Welcome to the coloured glass classroom! We hope to provide you with lots of creative ideas and resource links to help you engage the young people in your religious and Christian education classes. This blog is sponsored by the Anglican Schools Commission of the Anglican Church Southern Queensland.

24 April 2014

My Wonderful Opus



I think the person who takes a job in order to live - that is to say, for the money - has turned himself into a slave. - Joseph Campbell

Most schools run programs to help students think about what they might do when they leave school. This is a good thing but I wonder what values and ideas are behind these programs. To be honest I know very little about them. The question I want to ask is: What should Christian schools be teaching students about work?(and here I am talking about what I call "Mission schools", Christian schools where the majority of students are not Christians).

What might Christianity say about work?

Before I go any further though, the big question is: What do you mean by work?

And here's the thing. We shouldn't be talking about 9-5 drudgery, or employment, or getting a job.

We should be exploring something more life affirming. So lets not talk about work but opus.

This term opus is kind of artistic. It usually refers to the creation of works of art on a large scale. I think this is closer to the Christian idea of work than anything else. In Genesis man is placed in the garden to work. He is in God's great creation, God's wonderful artwork to be a participant in shaping it. It is only post fall that work becomes backbreaking drudgery.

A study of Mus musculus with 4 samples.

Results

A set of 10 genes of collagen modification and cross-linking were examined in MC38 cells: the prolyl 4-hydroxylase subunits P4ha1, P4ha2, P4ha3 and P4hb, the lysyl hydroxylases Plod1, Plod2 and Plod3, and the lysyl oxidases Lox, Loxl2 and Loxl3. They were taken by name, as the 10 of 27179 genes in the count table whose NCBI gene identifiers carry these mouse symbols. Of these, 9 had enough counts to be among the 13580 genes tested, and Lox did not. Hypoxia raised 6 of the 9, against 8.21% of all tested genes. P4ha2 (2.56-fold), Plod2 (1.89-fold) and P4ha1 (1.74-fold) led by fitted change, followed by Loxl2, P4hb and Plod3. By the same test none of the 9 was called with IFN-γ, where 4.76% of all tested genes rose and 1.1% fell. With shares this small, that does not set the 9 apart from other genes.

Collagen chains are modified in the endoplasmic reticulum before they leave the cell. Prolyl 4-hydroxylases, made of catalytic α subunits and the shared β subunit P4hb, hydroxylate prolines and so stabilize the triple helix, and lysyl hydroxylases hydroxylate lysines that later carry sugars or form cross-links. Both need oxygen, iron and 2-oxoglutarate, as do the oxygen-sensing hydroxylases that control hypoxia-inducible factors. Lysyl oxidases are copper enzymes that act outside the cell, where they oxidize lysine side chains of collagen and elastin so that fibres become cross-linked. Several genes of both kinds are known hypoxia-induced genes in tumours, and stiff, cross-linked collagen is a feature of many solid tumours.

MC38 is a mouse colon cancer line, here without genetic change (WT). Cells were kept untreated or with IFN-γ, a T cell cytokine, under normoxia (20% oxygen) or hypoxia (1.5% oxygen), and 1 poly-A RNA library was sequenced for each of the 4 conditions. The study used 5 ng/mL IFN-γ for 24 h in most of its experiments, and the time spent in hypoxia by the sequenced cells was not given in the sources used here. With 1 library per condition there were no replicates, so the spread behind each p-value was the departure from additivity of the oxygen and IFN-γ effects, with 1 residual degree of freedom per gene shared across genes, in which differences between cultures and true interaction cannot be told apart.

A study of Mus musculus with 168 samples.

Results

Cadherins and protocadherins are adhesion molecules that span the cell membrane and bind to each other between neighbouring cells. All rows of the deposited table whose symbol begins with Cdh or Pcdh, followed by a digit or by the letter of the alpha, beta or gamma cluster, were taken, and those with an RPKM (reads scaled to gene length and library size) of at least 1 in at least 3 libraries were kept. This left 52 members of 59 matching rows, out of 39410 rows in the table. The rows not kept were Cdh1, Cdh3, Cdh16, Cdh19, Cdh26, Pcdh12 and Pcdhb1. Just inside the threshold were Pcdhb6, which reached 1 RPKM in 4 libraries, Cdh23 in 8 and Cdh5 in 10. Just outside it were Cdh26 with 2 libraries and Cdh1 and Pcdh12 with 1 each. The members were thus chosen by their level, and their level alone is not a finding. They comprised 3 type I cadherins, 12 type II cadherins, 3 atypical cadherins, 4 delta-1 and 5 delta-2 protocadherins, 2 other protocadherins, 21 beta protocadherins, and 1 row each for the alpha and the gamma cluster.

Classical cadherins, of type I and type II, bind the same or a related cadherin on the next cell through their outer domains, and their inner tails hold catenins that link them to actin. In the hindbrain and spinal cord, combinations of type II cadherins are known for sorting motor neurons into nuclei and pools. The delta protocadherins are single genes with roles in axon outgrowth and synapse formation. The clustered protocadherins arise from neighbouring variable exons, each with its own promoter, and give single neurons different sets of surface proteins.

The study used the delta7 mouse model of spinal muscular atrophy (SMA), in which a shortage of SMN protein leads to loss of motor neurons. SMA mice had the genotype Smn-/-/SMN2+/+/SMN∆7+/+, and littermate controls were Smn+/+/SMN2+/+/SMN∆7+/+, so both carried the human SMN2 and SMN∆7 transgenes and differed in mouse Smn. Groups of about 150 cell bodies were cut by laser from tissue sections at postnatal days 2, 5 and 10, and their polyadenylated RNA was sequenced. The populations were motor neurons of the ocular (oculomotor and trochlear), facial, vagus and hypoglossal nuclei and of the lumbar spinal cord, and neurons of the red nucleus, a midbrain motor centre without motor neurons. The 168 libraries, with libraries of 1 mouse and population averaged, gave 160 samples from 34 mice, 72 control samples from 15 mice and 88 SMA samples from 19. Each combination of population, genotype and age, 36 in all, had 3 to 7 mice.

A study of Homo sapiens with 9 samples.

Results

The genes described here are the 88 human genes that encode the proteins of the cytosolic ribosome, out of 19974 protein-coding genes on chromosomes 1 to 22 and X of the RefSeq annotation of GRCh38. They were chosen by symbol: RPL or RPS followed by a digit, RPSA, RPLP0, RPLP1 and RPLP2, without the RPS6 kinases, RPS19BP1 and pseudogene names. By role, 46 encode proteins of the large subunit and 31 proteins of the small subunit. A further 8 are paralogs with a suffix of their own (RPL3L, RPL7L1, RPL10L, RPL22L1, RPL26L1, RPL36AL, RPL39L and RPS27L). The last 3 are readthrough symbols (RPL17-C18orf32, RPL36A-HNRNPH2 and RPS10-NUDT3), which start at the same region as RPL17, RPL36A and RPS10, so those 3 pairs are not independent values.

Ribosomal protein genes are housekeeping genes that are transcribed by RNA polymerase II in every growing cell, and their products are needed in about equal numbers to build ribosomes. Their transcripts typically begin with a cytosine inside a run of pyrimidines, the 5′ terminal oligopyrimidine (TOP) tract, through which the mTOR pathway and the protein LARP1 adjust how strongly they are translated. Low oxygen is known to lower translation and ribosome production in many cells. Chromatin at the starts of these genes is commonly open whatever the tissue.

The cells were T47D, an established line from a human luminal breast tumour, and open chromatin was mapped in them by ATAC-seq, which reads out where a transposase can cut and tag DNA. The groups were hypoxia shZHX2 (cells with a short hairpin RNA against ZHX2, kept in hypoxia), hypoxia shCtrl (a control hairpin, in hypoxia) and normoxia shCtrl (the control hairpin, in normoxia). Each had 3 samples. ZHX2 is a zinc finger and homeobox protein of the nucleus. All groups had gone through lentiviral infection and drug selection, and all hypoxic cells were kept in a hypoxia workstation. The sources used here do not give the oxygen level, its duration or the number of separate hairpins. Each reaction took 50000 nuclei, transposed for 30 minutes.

In Religious Education our exploration of work should try to crack open the idea that our true work (or opus) isn't necessarily what we do 9-5 but what we do to participate constructively in God's creation. It is using our gifts and talents to make something wonderful with our life. Not selfishly, but selflessly. As an act of service. A wonderful and enjoyable and satisfying act of service. This may not happen 9-5 but there is more to our life than just this.

Can everyone do this? Create a great opus? Yes. It isn't about fame or money or power or any of the other things that we often use to judge life success. It is about contribution, use of gifts, and purpose and meaning in life.It may not be easy but it is wonderful.

So here are two videos that open up the idea that we have a set amount of time to use. How are we going to spend it?  In self torture or on creating a wonderful opus. (I will post something more practical on work and vocation in the RE classroom next week. This week lets just dream of  working joyfully  in God's great garden.

Jelly Bean Time:


How would you really enjoy spending your life?: 


1 April 2014

The Art of Passion


Art can be a  powerful way of engaging students with the Biblical text. This has been discussed on this blog before. Whether they are creating it or looking at it, art can help to draw students attention more closely to what is found in scripture and at the same time do some inner and outer work on the significance and meaning of the stories.

London's St.Marylebone's Parish is currently presenting an exhibition of 20 artists representations of the Passion of Christ. Presented by 'Art Below' the works are also being displayed on billboards across London's Underground Stations.

This kind of exhibit can be a great place to start students on an exploration of the passion stories. It is valuable to consider how the artists have represented the stories and their contemporary interpretations of them. I particularly like Antony Micallef's 'Kill your Idol'. The Art Below exhibit also raises the challenge of how religious art and stories can be presented in public space in engaging  and thought provoking ways.